Sanchit Khera
10th Jun 2017


Be it nihilism, where millennials simply indulge in what pleases them as creatures of comfort, or absurdism, where comedians will crack insane jokes to make people laugh for an hour long special, we are attracted to certain things and find them appealing. The great Friedrich Nietzsche once said that there are “...no rules for human life, no absolute values, no certainties on which to rely. If truth can be achieved at all, it can come only from an individual who purposefully disregards everything that is traditionally taken to be important.” We only derive value from objects that we hold dear. This is why an Apple product means something to an Apple owner and another to an outsider from that basis of meaning. It is also why so many brand marketers want to associate meaning to their products and are willing to invest time and money into crafting communications that benefit their brand to give it the fullest sense of meaning to consumers.

For example, a Betty Crocker cake has to contain certain essential elements that make the process more meaningful when housewives bake it from scratch for their loving husbands. The cake is simply a metaphor which is given meaning and purpose by a housewife who wants to make her husband happy. Marketed this way, sales went through the roof and Betty Crocker became a household brand in America.

Coming down to more recent or contemporary philosophers, we have Alain de Botton, who suggests that we require empathy and understanding to realise what our customers need. This, de Botton suggests, leads to the insight needed to innovate in marketing and product development. According to him, “Businesses need to give a tangible sense of the difference they are making.”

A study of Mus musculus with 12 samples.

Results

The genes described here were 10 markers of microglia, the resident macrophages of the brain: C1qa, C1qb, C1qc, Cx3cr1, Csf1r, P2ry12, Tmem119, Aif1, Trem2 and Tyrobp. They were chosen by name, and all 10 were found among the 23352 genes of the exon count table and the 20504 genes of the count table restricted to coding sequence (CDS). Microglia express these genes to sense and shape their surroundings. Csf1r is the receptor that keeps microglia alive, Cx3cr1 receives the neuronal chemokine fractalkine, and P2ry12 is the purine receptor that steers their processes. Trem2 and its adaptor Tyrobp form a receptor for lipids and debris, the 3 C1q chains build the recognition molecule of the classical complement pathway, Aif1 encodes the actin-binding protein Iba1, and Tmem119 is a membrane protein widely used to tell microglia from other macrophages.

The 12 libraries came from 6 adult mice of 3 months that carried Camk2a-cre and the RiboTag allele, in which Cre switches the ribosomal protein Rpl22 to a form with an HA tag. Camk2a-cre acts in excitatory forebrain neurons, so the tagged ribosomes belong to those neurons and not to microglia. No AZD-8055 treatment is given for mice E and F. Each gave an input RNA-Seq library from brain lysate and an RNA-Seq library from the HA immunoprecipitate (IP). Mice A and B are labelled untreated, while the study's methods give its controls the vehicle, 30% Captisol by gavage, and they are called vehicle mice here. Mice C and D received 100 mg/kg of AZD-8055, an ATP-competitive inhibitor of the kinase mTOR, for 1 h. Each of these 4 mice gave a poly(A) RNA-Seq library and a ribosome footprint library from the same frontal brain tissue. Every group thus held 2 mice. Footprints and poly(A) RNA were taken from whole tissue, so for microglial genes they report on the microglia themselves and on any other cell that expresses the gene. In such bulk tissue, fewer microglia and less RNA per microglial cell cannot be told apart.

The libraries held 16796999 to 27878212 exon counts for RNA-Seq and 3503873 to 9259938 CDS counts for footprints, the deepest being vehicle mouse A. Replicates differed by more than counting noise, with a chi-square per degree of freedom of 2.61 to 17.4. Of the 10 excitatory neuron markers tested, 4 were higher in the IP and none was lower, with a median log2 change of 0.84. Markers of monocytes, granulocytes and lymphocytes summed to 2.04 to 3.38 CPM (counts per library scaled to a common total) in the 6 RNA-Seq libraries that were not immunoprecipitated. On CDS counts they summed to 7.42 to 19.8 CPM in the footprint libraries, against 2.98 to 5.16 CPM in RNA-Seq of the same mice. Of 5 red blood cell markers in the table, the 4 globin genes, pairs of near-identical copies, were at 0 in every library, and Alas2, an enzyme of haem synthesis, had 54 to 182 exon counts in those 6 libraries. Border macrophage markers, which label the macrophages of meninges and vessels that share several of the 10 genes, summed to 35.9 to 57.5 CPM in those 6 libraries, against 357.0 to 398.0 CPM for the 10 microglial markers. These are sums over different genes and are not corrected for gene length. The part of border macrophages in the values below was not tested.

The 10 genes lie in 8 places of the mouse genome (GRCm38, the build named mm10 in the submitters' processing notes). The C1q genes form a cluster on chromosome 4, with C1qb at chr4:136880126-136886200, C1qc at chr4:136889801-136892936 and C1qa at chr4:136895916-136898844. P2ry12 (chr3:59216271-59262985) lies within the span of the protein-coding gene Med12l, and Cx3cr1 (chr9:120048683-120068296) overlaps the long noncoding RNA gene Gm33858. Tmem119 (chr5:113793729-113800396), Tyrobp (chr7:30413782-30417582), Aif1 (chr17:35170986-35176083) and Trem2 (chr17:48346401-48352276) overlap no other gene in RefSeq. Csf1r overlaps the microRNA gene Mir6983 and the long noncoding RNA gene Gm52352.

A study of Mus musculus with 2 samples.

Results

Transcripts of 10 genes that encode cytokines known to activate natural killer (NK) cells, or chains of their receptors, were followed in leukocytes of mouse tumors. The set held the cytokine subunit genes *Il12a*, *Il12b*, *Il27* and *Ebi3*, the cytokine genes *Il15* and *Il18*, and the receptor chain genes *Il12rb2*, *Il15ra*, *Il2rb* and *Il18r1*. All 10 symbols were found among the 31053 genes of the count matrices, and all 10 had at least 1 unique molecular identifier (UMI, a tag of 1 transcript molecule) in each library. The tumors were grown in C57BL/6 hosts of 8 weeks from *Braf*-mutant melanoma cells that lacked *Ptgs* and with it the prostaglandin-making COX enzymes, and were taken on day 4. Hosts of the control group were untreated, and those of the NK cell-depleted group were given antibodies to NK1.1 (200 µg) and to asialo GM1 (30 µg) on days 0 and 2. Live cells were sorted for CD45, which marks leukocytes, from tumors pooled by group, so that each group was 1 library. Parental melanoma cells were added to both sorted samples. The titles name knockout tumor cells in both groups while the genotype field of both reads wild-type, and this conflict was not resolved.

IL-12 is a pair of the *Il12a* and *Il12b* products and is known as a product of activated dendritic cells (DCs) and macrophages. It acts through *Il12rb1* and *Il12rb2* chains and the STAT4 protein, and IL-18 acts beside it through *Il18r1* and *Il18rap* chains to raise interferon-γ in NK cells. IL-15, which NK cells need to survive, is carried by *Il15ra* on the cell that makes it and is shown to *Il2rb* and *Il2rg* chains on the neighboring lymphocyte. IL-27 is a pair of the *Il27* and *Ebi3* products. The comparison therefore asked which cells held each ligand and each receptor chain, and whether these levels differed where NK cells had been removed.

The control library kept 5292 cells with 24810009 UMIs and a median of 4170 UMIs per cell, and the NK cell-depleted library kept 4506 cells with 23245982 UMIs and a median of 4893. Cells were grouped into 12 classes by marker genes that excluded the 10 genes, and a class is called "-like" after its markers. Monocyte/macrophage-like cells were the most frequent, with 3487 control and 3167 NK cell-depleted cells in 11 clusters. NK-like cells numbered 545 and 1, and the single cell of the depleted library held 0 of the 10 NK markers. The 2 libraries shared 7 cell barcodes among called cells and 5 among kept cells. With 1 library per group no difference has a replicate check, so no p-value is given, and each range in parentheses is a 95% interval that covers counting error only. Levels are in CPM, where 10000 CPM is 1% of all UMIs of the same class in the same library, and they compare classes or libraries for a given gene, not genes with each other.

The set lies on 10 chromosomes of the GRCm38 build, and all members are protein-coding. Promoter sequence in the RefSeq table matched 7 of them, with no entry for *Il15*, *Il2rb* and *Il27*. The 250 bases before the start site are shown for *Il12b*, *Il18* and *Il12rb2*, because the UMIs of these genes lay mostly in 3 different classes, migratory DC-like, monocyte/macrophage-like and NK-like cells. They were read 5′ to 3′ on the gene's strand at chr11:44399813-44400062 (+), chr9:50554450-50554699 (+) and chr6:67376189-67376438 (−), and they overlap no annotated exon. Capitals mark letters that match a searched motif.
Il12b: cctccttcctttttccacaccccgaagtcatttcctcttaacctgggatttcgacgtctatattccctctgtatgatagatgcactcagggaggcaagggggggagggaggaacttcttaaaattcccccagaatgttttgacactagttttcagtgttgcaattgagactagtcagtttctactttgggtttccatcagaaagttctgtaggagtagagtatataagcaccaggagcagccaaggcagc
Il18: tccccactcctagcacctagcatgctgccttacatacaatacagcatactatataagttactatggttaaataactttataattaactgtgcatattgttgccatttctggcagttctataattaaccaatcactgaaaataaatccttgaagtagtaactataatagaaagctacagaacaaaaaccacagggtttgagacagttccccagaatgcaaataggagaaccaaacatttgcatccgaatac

That difference or overall mission adds an empathetic touch to all marketing and connects at a deeper level with the consumers. When Elon Musk wanted to market a Tesla, he didn’t just talk about mileage and savings. Instead, he made it a point to talk about innovation, his own personal passion and purpose, as well as the multiple investments he had made to ensure that there were no problems in the arena of manufacturing and scale to create any future problems. Tesla eventually had the biggest one-day launch of all time in the history of marketing.

Philosophy, if really understood, empowers the marketer to make better decisions for the customers. Customers, in turn, understand that the marketing agency or corporate communications team has empathetically done their due diligence and thought about all the needs of the consumer from that point onwards. This deep understanding of consumer philosophy, corporate cultural philosophy and ethos, as well as the social philosophy perspective, when combined together delivers a potent mix of deep understanding about consumer behaviour.